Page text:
Milk Screening improves food safety in the dairy supply chain

FOSS announces the release of targeted-adulteration models allowing milk-testing centers to program test instruments to screen raw milk samples for known sources of milk adulteration.

Testing for adulteration can be time-consuming and expensive. The targeted models improve both these aspects by exploiting existing test equipment and infrastructure. The models are for MilkoScan™ 7CombiFoss™ 7 and FT+ analysers which are already widely used by milk-testing centers around the globe for testing of raw milk quality. Up to 16 sources of potential adulteration are covered and test results are delivered within a minute.


The new models complement an existing un-targeted model that allows detection of any abnormalities in general. Accordingly, milk-testing centers can now screen for possible adulteration and then use the targeted tests to zoom-in on specific sources.


The sources might be due to deliberate or accidental contamination in the dairy supply chain. Examples include sodium hydroxide that can occur due to insufficient rinsing after cleaning of equipment or melamine added to increase the apparent protein content with the intention of gaining higher payment for milk deliveries.

Integrated into existing quality control systems

While milk is still sourced locally, it is also a growing part of international trade for which quality control standards such as ISO 22000, IFS Food Standard and hazard prevention concepts (HACCP) are essential. Currently, on a global level, milk is the second most commonly adulterated food (after olive oil). Rising consumer awareness and increased focus on healthy diet have further increased demands for safe and transparent food production supply chains.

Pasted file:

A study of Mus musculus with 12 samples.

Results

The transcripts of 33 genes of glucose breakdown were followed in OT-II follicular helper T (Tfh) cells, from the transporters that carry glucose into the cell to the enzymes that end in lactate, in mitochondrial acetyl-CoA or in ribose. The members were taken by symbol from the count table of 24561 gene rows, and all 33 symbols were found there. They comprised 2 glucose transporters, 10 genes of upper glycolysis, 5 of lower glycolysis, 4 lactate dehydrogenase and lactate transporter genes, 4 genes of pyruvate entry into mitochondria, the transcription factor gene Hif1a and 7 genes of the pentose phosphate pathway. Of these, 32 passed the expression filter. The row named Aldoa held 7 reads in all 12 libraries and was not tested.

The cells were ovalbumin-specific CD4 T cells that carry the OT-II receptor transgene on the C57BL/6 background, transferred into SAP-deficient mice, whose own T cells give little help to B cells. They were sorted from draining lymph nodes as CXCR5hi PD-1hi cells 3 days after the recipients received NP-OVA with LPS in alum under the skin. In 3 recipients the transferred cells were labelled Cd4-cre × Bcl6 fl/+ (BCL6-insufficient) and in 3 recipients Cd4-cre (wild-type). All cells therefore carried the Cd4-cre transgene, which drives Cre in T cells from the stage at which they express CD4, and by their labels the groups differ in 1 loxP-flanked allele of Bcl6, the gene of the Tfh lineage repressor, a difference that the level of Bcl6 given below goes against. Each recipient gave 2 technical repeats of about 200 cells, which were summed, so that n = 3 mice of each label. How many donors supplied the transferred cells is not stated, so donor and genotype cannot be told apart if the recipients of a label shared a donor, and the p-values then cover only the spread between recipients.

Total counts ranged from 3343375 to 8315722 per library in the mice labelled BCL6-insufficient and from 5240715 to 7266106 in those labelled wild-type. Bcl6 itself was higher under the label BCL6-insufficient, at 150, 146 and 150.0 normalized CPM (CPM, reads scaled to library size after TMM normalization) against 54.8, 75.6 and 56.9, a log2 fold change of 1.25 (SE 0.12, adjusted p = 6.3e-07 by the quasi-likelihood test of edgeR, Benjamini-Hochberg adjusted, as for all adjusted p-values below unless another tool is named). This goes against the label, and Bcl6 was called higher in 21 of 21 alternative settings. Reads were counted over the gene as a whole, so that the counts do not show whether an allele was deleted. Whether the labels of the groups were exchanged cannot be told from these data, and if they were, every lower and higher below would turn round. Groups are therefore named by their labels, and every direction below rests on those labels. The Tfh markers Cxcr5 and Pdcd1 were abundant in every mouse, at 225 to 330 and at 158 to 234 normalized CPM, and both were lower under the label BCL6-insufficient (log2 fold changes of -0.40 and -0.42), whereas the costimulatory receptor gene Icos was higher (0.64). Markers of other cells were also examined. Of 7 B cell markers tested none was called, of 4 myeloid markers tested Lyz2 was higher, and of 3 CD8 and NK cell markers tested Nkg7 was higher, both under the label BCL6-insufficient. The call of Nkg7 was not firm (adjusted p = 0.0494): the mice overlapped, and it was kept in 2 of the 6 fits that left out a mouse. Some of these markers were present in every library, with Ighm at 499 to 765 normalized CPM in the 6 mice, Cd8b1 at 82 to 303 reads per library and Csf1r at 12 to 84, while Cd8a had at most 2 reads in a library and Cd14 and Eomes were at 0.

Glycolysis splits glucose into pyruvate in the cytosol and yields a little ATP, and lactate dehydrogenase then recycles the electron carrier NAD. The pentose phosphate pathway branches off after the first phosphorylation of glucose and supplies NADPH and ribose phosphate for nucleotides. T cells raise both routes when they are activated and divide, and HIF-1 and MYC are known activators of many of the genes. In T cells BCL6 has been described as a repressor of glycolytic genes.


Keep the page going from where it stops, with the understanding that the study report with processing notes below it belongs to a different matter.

Adulteration screening using MilkoScan technology opens up a cost-efficient method to align with food hazard control plans while benefitting all stakeholders in the supply chain. Farmers gain information about unintended sources of adulteration in production systems allowing preventative measures to improve quality and avoid financial penalties for sub-standard deliveries. For Dairies, the detection of possible adulteration is critical for quality of processed products and food safety associated labelling for consumers. For the laboratories doing the testing, the screening models provide an extension to food safety testing services without investment in additional instruments.


Practical solution exploiting existing infrared analytical technology

The screening tests are based on a powerful form of infrared analysis called Fourier Transform Infrared (FTIR) of which FOSS has been a pioneer for milk-testing purposes. The adulteration screening is done using the infrared spectrum involved in the FTIR test. Spectra from a sample are compared against a so-called infrared ‘spectral fingerprint’ for normal milk programmed into the instrument. A warning is given if a mismatch occurs and individual adulterants can be identified from their spectral signatures.


Christina Lindstorff, Global Head of Raw Milk Testing at FOSS said: “Screening can now be performed simultaneously with normal quality control checks, allowing it to be integrated into the well-established milk testing infrastructure with the aim of continuously raising the bar on milk quality with benefits across the supply chain.”